Studying self-serve gas

Drivers could save 5 or 6 cents a gallon if stations offered self-service, Corzine said at a news conference on the state's response to soaring gas prices.

But he wants to study whether the savings would be passed on to drivers and would last, he said. He said he would lobby legislators to allow a three-month pilot program, perhaps beginning on the New Jersey Turnpike.

Study??? Seeing as 48 states already have self-serve gas, you'd think that the cost/benefit equation for self-serve gas would be fairly clear.


The State must move cautiously, lets it embarass itself by looking stupid for doing stuff everyone else already does!

Corzine has also proposed lowering the state's speed limit to 55 to "save gas".

Isn't this wonderful? He wants to save gas, so he wants to lower gas prices, which will increase demand, but in order to compensate he'll waste everyone's time by making their commutes longer.

I doubt that any politician has ever, in the history of democratic government, commissioned a study for the purpose of gathering or analyzing information. Studies have numerous political purposes--floating trial balloons, providing cover for already-made decisions, rewarding political friends with contracts or exposure or resume padding--but gathering and analyzing information are not, and have never been, on the list.

Back in the day, NJ gas used to be relatively cheap. I regularly crossed the border from NY to fill up. I ASSume that the contract for NJ turnpike gas sales has gone to one company. Since it is inconvenient and costly to leave the turnpike to find "local gas", I expect the price charged not to slip that much. Then, Corzine can say the "plan didn't work" and can bail on it. Gotta keep that precious gas station attendant vote ;^).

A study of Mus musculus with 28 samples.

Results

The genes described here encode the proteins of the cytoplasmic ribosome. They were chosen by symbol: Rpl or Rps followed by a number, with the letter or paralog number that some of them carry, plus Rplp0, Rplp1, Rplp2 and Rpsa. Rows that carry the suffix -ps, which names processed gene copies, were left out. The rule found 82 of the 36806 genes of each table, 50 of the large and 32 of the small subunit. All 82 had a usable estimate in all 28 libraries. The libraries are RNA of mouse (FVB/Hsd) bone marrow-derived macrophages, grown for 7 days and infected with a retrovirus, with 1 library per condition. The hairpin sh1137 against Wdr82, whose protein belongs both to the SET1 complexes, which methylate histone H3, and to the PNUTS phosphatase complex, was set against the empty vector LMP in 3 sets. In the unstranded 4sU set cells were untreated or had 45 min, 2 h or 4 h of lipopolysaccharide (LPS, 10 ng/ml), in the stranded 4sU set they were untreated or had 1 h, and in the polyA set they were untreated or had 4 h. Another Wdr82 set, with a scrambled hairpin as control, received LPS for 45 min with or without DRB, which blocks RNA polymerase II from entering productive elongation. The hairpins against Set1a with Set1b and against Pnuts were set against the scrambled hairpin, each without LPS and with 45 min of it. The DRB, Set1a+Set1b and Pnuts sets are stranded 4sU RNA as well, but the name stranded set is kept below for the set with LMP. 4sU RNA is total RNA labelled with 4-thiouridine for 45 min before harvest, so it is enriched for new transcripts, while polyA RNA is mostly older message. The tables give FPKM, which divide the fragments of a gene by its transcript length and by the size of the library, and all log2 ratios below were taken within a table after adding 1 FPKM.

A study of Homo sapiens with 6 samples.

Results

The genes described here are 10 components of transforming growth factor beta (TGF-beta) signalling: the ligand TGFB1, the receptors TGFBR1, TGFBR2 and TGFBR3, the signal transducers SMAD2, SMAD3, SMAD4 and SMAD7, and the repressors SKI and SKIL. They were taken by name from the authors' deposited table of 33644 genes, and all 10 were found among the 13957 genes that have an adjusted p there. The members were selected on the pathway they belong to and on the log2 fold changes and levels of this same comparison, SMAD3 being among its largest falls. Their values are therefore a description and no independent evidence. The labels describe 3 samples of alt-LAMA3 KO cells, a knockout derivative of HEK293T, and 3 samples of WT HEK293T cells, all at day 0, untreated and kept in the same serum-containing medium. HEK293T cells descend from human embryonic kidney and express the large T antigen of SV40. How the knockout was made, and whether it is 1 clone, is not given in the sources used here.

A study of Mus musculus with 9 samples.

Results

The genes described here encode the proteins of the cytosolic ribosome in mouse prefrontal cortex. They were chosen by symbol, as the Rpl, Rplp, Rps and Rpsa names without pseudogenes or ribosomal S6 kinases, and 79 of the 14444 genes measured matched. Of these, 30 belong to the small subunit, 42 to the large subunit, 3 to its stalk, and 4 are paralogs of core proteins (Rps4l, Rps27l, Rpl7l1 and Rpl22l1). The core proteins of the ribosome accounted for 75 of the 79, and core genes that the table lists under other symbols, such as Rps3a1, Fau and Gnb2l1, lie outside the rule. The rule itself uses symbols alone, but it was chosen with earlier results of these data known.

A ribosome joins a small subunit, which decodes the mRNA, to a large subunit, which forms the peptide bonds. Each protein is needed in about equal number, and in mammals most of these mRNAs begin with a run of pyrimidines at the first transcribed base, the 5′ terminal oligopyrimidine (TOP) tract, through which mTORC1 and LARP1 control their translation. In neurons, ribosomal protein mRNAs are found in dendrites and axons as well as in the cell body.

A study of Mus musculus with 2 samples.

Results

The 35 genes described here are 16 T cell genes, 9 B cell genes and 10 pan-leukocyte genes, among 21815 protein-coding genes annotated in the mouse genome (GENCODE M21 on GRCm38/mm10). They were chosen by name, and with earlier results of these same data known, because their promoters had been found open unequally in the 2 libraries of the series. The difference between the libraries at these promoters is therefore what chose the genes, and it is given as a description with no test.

Chris, it still is "relatively cheap" in NJ, compared with NY (see this entry of mine). And yes, the NJT and the GSP do have a one-company contract — it used to be with Sunoco, now it's with Lukoil.

But the price is, while not the lowest available, competetive with that off-highway. My guess here is that Corzine isn't planning to bail on it, but does want to implement it fully. Remember that he's a billionaire businessman, not a career politician.

I am skeptical, though, about whether it really will cause prices to drop. My guess is that it will not, at least not in the long term.

Well, and the results are in — not the results of the study, of course, since it's too soon, but the results of the suggestion: today's local news reports that Jon Corzine has, indeed, bailed, because of "overwhelming voter response" against it. That is, he got tons of calls and letters from constituents who think it's a bad idea (and, I guess, not enough from others).

The concern is that adding a self-serve option will just settle the price of self-serve gas into the current price, and will drive the price of full-serve up. And people who get gas in New Jersey like having someone else fill 'er up for 'em.